Football coaches use tablets and real-time data from smart-sensing helmets | Intel

Sensor technology embedded in helmets now has the ability to track and measure the impact and severity of head injuries from youth football through the NFL. According to Intel Sr. Technical Marketing Engineer, Bill Hannon, “Concussions are like a car hitting a wall at 35 miles per hour or 150 G’s.” Technology can indeed make the game safer.

Measuring Hit Impact

The biggest hits aren’t always the most damaging, location and repetition matter too. “Understanding the transfer of energy through a helmet and into the head in order to prevent brain damage is the goal.” said Bill. Football science and technology are producing unprecedented amounts of “Big Data” that’s helping to do just that. Data sets from practice and games are critical for implementing Intel Intelligent Systems architecture to accurately measure hit impacts.

The NFL commissioned a study as a possible step toward fitting players with sensors that would flag hazardous hits in real time. Kevin Guskiewicz, chair of the NFL subcommittee on safety equipment and playing rules, says the tests cover 12 helmet locations at five different velocities to simulate the conditions of player impacts during football games.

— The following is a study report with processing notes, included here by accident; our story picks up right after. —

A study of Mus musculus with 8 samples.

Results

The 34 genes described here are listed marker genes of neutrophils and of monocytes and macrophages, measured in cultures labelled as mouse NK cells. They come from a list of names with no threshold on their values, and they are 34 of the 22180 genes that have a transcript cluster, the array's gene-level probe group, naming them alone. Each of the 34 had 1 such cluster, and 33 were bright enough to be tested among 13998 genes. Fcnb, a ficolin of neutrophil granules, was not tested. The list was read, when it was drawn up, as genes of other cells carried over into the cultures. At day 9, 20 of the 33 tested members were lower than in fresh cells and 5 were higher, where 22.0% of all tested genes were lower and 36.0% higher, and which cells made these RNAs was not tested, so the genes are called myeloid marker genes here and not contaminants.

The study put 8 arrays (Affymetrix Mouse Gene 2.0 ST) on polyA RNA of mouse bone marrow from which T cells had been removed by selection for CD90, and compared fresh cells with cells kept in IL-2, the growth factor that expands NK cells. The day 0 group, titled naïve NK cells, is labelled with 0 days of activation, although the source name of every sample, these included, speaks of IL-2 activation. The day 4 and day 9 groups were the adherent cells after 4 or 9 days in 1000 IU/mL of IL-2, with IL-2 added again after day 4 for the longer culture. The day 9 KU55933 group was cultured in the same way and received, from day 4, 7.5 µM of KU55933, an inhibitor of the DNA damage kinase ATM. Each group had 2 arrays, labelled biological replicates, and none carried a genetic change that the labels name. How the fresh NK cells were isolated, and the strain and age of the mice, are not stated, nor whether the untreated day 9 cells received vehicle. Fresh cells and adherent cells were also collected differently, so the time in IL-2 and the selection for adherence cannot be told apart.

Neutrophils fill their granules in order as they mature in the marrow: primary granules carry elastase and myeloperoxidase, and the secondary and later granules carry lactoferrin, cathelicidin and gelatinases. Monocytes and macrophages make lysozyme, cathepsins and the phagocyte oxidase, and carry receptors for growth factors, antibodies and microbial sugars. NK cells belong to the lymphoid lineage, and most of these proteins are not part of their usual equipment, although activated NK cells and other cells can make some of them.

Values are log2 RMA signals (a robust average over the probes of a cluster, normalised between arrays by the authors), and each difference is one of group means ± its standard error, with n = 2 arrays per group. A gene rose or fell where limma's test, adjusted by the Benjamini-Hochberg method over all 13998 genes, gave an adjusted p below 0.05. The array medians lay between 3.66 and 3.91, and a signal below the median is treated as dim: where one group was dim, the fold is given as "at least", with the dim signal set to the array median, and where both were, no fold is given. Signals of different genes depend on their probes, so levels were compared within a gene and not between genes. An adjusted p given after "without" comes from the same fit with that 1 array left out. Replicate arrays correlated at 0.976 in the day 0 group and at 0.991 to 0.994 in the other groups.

Helmet testing often uses a gas piston machine that rams into the helmet at different angles and force. Intel works with super computers that can simulate the same collisions from more angles and with more force factors. It then computes the real-time data in a matter of seconds showing the shock impact on the brain. According to Bill, “Monitoring the impact of a hit instantaneously on the sideline can be done via real-time simulations.”

The Dangers of CTE (Chronic Traumatic Encephalopathy)

The dangers of concussions and TBI (Traumatic Brain Injury) hit home when the posthumous tests conducted on former NFL linebacker Junior Seau indicated such blows occurred leading to his suicide. He had chronic traumatic encephalopathy (CTE), a brain disease linked to repetitive head injuries. CTE causes neurobehavioral problems like memory loss, depression and suicidal thoughts, dementia and Alzheimer\’s.

via iQ by Intel- Making an Impact on Head injuries: The Tech Behind Football Helmets.